I’m in the pretty little town of Tattenhall. It’s built on a slight hill, with handsome red brick buildings, a handful of pubs and restaurants and the Welsh hills distant in the background. It’s the Cheshire equivalent of my home town of Coggeshall, except it didn’t double in population during the 90s. Places like Coggeshall and Tattenhall used to be less gentrified than today, but since the 70s they’ve become more middle class as professional baby-boomers looked to move out of the cities and bring up their kids in old houses in winsome villages.
Last night I did a gig in The Barbour Institute, a kind of community hall, with plaques like this on the wall.
The gig went pretty well but as we didn’t have a mic or stage lighting I had the duel problem of not knowing where to put my hands and seeing the faces of the people I was performing to. Actually, these were not major problems but it took some getting used to. Often people who are loving the gig pull the most disconcerting expressions when they are listening. I want to do more rural touring, it seems like the sort of thing a poet should be doing – going off the beaten track, shunning theatres, exploring the bits of Britain you would otherwise never go to. So all was good, I even did an encore, which was nice.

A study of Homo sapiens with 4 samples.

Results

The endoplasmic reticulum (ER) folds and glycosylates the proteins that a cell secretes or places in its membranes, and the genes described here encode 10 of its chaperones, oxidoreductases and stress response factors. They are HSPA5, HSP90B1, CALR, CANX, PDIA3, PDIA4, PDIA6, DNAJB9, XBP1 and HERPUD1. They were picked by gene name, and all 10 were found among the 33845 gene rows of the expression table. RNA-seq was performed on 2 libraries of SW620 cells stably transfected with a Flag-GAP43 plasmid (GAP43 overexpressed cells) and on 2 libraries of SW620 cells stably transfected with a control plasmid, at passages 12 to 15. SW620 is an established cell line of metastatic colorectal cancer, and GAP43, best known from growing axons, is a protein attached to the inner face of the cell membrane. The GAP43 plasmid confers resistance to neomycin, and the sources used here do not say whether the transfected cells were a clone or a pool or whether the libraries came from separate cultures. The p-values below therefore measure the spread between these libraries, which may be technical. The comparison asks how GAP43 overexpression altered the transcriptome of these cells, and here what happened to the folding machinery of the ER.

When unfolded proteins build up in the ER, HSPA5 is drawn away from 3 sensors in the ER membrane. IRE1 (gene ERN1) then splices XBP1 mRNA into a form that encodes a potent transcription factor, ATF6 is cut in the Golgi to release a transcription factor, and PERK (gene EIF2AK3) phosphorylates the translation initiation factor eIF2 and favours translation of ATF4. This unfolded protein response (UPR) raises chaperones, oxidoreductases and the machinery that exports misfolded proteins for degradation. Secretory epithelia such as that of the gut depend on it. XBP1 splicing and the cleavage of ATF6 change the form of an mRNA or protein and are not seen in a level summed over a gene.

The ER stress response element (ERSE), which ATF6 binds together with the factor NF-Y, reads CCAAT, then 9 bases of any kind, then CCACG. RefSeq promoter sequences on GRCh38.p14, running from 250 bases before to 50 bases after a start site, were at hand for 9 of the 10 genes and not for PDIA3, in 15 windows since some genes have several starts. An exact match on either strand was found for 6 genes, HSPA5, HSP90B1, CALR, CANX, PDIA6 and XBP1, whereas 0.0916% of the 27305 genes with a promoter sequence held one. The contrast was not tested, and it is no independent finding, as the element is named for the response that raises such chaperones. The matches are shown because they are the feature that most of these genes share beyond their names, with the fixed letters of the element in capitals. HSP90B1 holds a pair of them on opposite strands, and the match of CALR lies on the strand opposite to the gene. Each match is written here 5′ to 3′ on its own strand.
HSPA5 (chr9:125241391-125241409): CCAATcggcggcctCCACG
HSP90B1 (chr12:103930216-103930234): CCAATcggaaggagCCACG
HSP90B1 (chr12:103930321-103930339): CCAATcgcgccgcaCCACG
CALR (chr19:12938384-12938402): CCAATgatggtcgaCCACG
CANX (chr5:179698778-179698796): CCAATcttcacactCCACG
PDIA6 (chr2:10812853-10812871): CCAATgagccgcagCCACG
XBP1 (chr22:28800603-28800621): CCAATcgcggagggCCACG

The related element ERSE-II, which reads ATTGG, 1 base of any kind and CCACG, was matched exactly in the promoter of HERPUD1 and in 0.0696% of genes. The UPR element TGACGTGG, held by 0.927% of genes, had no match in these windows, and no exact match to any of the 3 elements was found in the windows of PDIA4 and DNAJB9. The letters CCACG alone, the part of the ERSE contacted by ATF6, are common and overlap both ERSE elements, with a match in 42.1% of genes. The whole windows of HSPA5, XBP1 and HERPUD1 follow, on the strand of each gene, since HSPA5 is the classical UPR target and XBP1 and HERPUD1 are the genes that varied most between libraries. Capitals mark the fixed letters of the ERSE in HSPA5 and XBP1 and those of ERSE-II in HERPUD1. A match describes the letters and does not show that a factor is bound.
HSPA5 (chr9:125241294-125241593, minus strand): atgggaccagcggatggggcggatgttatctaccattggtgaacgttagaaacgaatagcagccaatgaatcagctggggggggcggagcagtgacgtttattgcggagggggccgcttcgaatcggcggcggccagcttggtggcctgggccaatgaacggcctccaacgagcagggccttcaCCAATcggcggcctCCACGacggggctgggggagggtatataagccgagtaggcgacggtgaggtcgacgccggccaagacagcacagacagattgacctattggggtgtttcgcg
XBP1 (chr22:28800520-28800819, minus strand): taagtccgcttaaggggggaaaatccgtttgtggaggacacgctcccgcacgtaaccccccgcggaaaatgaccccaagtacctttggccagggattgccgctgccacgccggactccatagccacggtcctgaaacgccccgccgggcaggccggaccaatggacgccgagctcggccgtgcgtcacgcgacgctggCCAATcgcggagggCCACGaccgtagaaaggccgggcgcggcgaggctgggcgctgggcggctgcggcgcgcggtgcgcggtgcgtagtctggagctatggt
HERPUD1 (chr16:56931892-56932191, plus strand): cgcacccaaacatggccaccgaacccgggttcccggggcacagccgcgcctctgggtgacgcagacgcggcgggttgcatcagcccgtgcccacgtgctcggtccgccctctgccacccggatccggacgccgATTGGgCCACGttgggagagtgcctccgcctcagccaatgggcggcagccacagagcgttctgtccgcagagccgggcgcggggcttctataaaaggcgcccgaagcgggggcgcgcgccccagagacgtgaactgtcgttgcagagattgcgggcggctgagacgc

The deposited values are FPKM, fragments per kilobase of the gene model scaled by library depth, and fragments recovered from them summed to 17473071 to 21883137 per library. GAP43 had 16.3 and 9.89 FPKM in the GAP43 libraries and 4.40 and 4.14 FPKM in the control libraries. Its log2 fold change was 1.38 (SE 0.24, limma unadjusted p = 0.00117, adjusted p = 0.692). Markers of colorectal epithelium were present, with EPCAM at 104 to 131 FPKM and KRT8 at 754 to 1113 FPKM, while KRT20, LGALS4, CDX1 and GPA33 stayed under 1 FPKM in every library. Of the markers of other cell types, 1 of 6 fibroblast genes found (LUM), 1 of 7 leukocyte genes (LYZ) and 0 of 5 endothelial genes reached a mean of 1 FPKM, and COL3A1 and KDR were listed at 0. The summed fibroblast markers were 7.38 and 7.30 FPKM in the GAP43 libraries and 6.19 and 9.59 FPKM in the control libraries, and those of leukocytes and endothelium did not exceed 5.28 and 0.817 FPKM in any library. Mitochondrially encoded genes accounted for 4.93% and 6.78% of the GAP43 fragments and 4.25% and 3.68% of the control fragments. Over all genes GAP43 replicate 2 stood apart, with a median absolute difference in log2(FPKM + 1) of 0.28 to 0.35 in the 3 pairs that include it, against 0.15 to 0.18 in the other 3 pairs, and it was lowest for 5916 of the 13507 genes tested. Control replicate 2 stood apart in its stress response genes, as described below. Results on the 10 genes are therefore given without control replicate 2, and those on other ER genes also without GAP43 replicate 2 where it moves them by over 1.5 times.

Afterwards the organisers took me to the pub and we drank beer and agreed on everything from Beeching to punk. This is the way gigs should happen, they should be about going into a community and actually meeting people. It feels right to go to the pub with your audience and talk on level terms (rather than declaiming from the stage). There’s a movement within the arts world to get poets into theatres and making theatre shows, bringing more than just the forth wall into play. I want to go in the opposite direction, it should be about pubs, communities and the countryside.
I’m in Audlem tonight for hopefully more of the same.